Research has been mixed on the ability of aspirin to block the development of preeclampsia, and there have been reports of side effects of aspirin, such as bleeding from the placenta.
But in the Feb. 10 issue of the British Medical Journal, researchers who reviewed 39 studies involving over 30,000 pregnant women say the balance of the evidence suggests that taking aspirin works.
"There is a benefit," says study author Lelia Duley, MD. "But it's much smaller than what people had hoped for."
Still, Duley, an obstetric epidemiologist at the Institute of Health Sciences in Oxford, U.K., says her study found that taking aspirin reduced the risk of preeclampsia by 15%. It also reduced the risk of death of the fetus or newborn by 14% and the risk of premature birth by 8%.
Those reductions may seem small, and most doctors wouldn't consider them large enough to advise all pregnant women to take aspirin, but Duley says for the women at highest risk of the condition, aspirin can and does save babies' lives.
Aspirin is a so-called "antiplatelet" drug. It is believed that aspirin and other antiplatelet medications can reverse unfavorable changes that occur in the blood and help prevent or delay the dangerous rise in blood pressure and other effects on the body from preeclampsia.
"Part of the problem is we don't know what causes preeclampsia," Duley says. "There has been an enormous amount of research activity to try to unravel what it is that causes this condition."
She says the analysis of thousands of women who have been studied and evidence of changes in the blood of women taking aspirin support the idea that aspirin can have benefit. The problem is figuring out who will benefit most since it's obvious from the studies that the benefit is somehow limited to a small group of women.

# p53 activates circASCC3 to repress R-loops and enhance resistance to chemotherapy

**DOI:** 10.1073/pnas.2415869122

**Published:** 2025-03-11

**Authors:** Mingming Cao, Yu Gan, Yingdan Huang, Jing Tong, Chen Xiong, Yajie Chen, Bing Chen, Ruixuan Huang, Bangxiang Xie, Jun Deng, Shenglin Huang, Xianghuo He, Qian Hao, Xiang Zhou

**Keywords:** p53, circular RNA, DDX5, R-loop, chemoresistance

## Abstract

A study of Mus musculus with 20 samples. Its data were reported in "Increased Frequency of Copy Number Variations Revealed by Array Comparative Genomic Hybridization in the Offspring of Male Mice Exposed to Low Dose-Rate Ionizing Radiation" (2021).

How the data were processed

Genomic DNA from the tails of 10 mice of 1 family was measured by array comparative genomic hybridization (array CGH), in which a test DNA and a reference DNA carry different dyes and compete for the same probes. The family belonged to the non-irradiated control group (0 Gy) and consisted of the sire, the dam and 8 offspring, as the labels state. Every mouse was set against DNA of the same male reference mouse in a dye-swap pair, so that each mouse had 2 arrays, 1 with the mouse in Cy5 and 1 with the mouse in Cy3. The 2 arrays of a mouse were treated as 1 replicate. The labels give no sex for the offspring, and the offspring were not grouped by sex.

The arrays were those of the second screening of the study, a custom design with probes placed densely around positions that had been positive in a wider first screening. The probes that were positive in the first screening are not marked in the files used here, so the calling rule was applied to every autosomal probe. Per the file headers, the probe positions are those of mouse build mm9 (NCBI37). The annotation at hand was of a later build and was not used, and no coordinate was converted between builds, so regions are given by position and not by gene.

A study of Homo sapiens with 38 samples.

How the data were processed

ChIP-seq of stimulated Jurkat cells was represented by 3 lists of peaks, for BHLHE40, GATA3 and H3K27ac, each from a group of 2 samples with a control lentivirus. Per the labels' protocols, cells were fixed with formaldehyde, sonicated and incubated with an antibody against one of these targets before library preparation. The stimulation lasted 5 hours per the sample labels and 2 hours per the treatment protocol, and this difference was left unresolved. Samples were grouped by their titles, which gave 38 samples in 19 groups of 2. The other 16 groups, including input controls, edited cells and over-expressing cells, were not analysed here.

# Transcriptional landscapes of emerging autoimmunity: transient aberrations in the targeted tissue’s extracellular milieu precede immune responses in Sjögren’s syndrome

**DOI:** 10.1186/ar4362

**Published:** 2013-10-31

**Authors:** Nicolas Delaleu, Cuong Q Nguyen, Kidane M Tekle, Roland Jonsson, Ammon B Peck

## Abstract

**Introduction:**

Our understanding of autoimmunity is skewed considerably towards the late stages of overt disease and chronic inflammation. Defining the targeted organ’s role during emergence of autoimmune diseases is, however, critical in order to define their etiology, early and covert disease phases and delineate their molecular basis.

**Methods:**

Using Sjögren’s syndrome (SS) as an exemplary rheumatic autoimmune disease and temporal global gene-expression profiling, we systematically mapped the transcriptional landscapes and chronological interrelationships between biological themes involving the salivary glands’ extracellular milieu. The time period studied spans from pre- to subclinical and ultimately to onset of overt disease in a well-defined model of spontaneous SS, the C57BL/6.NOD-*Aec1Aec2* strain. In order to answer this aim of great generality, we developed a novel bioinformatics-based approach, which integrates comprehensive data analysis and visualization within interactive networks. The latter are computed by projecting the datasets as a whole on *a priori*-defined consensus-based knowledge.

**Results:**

Fortunately, even though doctors are uncertain about exactly who to treat, aspirin is fairly safe as far as drugs go, says James M. Roberts, MD, director of the Magee-Womens Research Institute in Pittsburgh.
Roberts says those most likely to be given aspirin are women who had high blood pressure before getting pregnant and women who have a history of developing preeclampsia. Women who had it in a prior pregnancy are more likely to have it in a subsequent pregnancy than are women who did not have it.
Still, he says although aspirin is the only available drug to prevent preeclampsia at the moment, things may change in the not too-distant future.
"There is hope for early treatment, and there may well be better treatments than aspirin," Roberts says.
One promising class of drugs may be antioxidants. Based on good results in small studies, doctors are now getting ready to conduct larger trials of antioxidant therapy in the U.S., Canada, and the U.K. to determine how safe and effective it is in preventing the development of pregnancy-related high blood pressure conditions.
Even though aspirin is a drug commonly used by nonpregnant people, it should be used by pregnant women only with the consent and supervision of their doctor.